We have seen how climate change impacts many parts of the planet, from agriculture and fishing, to forestry and recreation. While the focus right now seems to be on sea level rise and specifically how our waterways are suffering the effects of the warming trend, we also need to remember that climate change is causing problems for business. Researchers at Stanford University found that the rising sea and economies in coastal regions in the United States have a negative relationship with one another.
The researchers focused on the impacts of flooding that business in Annapolis Maryland are faced with today. Graduate student Miyuki Hino discovered that due to frequent flooding, rising sea levels and an increase in the number of high tide flooding days, the city was experiencing decreases in visits, resulting in $86,000 to $172,000 losses of revenue.
The flooding that fills streets, stopping traffic and pedestrians, occurs when ocean water goes above the level in which infrastructure was designed. Annapolis is at the top of the list of cities where high tide flooding occurs frequently, with 63 total flooding days. Due to these conditions, customers and tourists are unable to visit local businesses and restaurants, but as the floods subside, customers still seem to be reluctant to come back.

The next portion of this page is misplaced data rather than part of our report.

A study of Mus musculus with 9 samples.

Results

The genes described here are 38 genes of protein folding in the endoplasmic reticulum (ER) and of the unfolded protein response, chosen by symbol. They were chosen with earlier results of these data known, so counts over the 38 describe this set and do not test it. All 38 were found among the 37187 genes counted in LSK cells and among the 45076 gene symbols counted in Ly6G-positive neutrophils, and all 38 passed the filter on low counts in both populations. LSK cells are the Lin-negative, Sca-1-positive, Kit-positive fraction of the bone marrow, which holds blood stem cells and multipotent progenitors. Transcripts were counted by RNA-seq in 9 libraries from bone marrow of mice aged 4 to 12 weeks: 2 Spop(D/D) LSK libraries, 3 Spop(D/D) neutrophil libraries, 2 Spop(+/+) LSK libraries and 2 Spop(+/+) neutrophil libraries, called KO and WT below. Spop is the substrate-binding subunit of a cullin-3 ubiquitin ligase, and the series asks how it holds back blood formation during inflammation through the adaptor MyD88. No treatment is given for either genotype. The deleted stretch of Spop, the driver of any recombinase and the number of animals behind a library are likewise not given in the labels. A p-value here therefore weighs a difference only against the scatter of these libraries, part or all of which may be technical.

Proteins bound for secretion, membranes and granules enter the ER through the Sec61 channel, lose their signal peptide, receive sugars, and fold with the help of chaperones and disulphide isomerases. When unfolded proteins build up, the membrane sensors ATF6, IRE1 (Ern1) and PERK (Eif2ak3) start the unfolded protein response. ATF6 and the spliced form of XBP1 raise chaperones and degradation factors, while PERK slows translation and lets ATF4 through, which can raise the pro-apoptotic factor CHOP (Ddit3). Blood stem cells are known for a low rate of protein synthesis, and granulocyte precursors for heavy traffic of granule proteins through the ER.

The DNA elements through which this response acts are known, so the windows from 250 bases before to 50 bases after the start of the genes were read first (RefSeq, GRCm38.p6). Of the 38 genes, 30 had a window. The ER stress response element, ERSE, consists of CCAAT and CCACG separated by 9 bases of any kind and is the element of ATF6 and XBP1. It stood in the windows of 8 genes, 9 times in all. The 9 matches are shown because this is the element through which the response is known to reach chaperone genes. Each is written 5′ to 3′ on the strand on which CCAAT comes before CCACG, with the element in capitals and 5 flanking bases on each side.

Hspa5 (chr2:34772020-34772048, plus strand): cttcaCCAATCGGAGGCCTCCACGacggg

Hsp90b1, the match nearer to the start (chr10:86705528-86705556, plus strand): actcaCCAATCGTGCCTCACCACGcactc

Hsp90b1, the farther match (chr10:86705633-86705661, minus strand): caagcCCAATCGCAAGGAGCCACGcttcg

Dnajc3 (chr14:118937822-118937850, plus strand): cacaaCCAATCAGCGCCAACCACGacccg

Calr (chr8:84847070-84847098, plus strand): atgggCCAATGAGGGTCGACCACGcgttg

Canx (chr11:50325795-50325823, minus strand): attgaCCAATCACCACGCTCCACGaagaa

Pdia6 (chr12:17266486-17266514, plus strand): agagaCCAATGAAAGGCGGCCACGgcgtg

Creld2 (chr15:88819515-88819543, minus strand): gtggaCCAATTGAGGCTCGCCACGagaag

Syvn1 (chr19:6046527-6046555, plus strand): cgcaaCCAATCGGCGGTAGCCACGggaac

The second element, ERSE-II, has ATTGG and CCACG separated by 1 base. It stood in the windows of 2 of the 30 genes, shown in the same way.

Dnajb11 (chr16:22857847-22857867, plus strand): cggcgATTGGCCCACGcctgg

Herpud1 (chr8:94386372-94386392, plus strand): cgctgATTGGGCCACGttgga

The researchers are warning that these conditions are only going to get worse; with the U.S Global Change Research Program Climate Science Special Report indicating that sea levels are estimated to rise from 0.5 to 1.2 feet by 2050. It is important to understand the impacts on both small and large scales, in order to help make changes that will mitigate or eliminate the risks.
Rising sea level changes shorelines, impacts farming, housing construction, and the decisions people make in terms of where to live or where to vacation. To address the concerns around climate change, Sparta believes that we have to change the way industry and people use fossil fuels. This is why the company recently joined forces with Pi Eco to transform plastics into environment-friendly diesel fuel.